The other day I was studying at Borders. I happened to notice that the person next to me was reading a book from “The Complete Idiot’s Guide” series.
Yes, I’m sure you have all seen these. “This or That for Dummies,” or “The Complete Idiot’s Guide to Something or Other.” Maybe you have bought a few of these. The thing is, these books are pretty useful if you have absolutely no background in something that you want to start doing. They are popular because they are plain-spoken and straight-forward, and as a result you don’t spend time trying to slosh through unreadable technical language.
But here’s the thing that really gets me about those. I’m sure the people who buy and read them are not idiots. Having no background in something does not automatically relegate a person to elevated status at the local funny farm. So why do we endure underhanded insults from, of all things, instructional books?
I find myself wondering if there is some sort of embedded anti-intellectualism that has made its way into our culture in recent years, in which there is an alliance among dunces that is so pronounced that being an “idiot” or a “dummy” is something to flout. I mean, we did elect a president with the mental capacity of a gnat, after all. He’s “one of us,” and he’ll stand for simple-mindedness in the face of those snobbish, know-it-all leaders in France and the United Nations.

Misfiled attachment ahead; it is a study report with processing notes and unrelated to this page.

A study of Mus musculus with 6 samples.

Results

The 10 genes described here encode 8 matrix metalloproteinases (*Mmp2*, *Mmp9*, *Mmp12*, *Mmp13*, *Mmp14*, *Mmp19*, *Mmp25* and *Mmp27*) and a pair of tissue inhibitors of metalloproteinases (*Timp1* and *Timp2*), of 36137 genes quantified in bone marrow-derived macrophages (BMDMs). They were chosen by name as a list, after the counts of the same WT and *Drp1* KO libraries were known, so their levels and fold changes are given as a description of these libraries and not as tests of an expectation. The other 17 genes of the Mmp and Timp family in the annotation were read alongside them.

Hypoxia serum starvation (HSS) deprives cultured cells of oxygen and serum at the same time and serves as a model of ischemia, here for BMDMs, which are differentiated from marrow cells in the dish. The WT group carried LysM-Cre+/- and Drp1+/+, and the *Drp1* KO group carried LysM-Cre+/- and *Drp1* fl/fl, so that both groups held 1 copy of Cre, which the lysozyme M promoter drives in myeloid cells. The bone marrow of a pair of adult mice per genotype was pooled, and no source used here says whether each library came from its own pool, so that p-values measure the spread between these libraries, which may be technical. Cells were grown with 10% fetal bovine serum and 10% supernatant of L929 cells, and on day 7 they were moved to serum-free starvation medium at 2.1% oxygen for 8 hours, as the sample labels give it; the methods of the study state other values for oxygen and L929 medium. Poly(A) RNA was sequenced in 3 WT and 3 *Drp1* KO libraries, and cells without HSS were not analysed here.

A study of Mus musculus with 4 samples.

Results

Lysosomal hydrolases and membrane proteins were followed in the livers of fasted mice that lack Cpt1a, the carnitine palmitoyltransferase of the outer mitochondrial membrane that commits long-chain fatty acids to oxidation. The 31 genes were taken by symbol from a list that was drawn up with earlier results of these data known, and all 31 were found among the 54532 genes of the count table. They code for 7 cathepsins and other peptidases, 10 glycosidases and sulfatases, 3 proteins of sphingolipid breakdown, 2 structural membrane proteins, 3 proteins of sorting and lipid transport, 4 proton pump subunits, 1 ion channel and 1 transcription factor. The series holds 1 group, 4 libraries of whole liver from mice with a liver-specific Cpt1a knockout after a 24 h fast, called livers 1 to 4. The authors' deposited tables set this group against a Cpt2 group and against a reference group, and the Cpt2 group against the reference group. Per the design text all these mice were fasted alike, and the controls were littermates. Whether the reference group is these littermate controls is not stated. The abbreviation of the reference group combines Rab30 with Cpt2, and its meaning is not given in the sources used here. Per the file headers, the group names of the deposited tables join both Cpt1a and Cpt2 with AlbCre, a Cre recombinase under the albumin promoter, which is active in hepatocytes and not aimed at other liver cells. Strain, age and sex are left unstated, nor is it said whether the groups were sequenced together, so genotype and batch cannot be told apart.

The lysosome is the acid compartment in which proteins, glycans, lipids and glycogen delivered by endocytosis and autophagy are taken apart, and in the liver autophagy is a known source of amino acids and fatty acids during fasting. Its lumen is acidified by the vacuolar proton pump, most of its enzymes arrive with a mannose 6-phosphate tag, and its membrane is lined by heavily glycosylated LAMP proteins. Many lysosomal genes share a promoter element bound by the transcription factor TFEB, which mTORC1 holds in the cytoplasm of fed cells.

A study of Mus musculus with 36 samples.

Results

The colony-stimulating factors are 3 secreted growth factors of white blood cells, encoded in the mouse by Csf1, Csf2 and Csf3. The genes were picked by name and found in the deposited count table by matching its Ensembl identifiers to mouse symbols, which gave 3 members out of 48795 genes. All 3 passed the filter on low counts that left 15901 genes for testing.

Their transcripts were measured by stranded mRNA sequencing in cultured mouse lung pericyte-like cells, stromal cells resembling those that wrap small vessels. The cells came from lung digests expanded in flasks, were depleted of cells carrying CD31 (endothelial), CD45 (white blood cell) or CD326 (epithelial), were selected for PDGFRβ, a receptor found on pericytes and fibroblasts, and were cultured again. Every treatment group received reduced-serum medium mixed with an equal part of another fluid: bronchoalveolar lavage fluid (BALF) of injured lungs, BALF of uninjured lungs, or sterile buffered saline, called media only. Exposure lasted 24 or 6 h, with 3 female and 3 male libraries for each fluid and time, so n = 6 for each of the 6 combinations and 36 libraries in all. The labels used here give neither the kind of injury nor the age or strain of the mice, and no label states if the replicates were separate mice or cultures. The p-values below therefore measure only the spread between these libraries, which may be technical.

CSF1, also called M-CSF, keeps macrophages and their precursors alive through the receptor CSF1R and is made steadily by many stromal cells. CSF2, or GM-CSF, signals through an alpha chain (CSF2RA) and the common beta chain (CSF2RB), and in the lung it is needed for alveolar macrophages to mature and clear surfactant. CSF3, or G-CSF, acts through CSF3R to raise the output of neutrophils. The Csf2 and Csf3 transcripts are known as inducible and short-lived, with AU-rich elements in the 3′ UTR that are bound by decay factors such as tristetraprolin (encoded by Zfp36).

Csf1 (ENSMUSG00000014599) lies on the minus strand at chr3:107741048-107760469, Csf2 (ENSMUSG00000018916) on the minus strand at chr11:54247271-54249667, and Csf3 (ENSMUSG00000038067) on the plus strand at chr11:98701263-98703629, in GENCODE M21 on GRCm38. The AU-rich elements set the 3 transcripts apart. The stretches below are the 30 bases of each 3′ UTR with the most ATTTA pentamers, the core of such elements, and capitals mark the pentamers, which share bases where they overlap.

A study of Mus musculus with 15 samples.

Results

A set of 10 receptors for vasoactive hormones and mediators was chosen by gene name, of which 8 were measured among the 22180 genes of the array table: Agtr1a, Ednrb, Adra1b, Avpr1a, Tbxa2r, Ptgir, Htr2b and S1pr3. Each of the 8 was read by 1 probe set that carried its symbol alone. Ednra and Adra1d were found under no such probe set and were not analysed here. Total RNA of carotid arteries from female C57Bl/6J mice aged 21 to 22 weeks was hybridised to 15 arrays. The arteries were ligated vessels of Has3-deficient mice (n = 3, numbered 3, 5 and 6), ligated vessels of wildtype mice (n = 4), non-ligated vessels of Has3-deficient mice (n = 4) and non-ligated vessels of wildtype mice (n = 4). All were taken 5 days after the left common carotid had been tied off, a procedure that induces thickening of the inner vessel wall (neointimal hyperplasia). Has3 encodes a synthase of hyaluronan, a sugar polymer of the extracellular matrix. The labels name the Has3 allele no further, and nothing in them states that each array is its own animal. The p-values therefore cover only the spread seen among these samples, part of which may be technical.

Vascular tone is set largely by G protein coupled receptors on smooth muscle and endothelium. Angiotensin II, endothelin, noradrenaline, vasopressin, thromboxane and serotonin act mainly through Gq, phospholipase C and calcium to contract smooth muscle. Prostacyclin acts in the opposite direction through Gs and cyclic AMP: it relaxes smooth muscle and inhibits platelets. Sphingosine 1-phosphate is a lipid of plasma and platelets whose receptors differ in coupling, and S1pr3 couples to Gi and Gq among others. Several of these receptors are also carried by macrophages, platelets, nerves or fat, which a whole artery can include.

Maybe there’s a “Foreign Relations for Dummies” book out there that will be the answer to all the problems that have resulted from his lack of diplomatic finesse.
It seems to me that American culture is very reflexive these days. We are so inundated with gadgets and entertainment that there is very little space left for thinking about how our actions fit into the big picture and how we are responsible for shaping the world around us.
Essential to shaping this broader perception is reading literature, be it books, newspapers, or magazines about nature, science, politics or history.
Or at least, I used to think so. I used to think of literature and books as being vital for stimulating and developing the intellect and one’s ability to see the bigger picture of which humanity is a part. But these Dummy and Idiot series are starting to erode that perception.
While the concept behind them is not necessarily bad, the fact that they seem to promote and even congratulate stupidity and ignorance is deeply disturbing. I mean, would people buy a book called “The Complete Lecher’s Guide to Moral Deviance”? I doubt it would make the New York Times Bestsellers list.
I don’t understand why, of all the deficiencies that an individual can have, stupidity is one that publishers are happy to push on people. Maybe they should change “Idiot” to “Beginner.” I don’t think that would be too difficult.
Bethania Palma can be reached at email@example.com.